Ayodhya appeal may throw up faith-fact issue: Sibal


New Delhi : “Can faith be the basis of a fact?” This fundamental issue may arise in the Supreme Court if it is moved by any litigant against the Allahabad High Court’s Ayodhya verdict, Human Resource Development Minister Kapil Sibal has said.


Talking about “the Ramjanmabhoomi janmasthan issue”, the eminent lawyer said: “The majority in the judgment has held that there is a general perception amongst the Hindus that this is the janmasthan of Ram, and therefore the Ramjanmabhoomi…and the conclusion of the judgment is that a Ram temple should be built there. That issue will certainly arise in the SC.”

The minister asked the leaders of the political parties to make “simplistic statements” on the issue, as “every issue that arises from this case is complex”.

Sibal said though historians have made statements on the Archaeological Survey of India (ASI) report, accepted by two of the three high court judges who delivered the verdict, “in the ultimate analysis, the Supreme Court will definitely look (into the issue).”

“Remember, this is the first appeal. In normal circumstances, these matters are not decided by the high court. But there was a special dispensation. The high court was charged with the responsibility of doing so. So, when it comes up in appeal, the Supreme Court is going to look at each issue of fact and law meticulously — especially of fact,” said the minister.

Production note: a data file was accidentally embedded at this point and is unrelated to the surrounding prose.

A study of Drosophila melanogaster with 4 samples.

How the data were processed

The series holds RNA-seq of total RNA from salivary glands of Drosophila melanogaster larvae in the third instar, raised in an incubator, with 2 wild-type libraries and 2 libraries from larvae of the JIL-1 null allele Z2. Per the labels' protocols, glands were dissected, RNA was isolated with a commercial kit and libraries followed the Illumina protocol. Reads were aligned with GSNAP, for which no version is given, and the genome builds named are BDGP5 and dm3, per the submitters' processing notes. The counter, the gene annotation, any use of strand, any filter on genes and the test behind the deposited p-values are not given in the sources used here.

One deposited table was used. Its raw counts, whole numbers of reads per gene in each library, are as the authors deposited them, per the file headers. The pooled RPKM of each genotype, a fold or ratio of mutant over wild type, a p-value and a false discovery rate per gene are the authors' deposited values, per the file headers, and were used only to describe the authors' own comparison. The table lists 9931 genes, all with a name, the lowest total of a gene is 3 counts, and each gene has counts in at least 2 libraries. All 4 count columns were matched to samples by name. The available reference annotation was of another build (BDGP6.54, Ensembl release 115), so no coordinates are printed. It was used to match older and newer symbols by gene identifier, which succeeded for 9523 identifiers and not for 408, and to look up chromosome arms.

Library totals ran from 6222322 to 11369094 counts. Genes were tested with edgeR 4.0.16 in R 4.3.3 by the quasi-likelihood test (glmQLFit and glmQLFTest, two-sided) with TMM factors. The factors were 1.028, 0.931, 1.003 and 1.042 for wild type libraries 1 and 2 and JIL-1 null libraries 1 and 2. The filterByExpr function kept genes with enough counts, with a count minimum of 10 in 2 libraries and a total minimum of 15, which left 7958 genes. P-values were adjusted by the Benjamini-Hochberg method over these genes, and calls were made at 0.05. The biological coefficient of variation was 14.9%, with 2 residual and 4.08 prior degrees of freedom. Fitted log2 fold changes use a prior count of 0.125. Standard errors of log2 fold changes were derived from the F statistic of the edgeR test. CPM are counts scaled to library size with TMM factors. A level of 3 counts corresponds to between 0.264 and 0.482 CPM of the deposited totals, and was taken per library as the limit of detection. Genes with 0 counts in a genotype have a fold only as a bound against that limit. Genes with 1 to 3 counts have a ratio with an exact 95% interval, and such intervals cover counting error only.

One of the high court judges said there was a non-Islamic structure underneath the mosque — what does that mean? he asked.

“Is every non-Islamic structure a Hindu temple or is it a Hindu temple? Whether it is a non-Islamic structure or not? But these are factual issues again, on which I have no expertise at this point in time. But this is a fundamental issue that arise on facts,” Sibal added.

Asked about the high court judges’ acceptance as “Ramjanmabhoomi itself as a deity”, the minister said: “That’s a very very complex legal issue”.

“Because remember, the Ram Lalla was placed in 1949 in the sanctum sanctorum. Whether that act by itself translates this into a deity or not I don’t know. There again the Supreme Court will apply its mind and decide,” Sibal said.

“But quite frankly, all these issues as I said are highly complex, highly charged and, therefore, the Supreme Court will be very very careful and meticulous in analysing the judgment and coming to a conclusion consistent with the constitution and the laws,” he said.

Rejecting the notion that the government should step in as the high court itself has said that the status quo will continue for the next three months, giving time to the three parties to find a method amongst themselves amicably to divide the land in three equal parts, Sibal said: “The government has no role to play in this.”

“The government can only state publicly that it would like the matter to be resolved by the parties concerned, but I don’t think it should involve the government in forcing a decision of this very complex issue,” he said.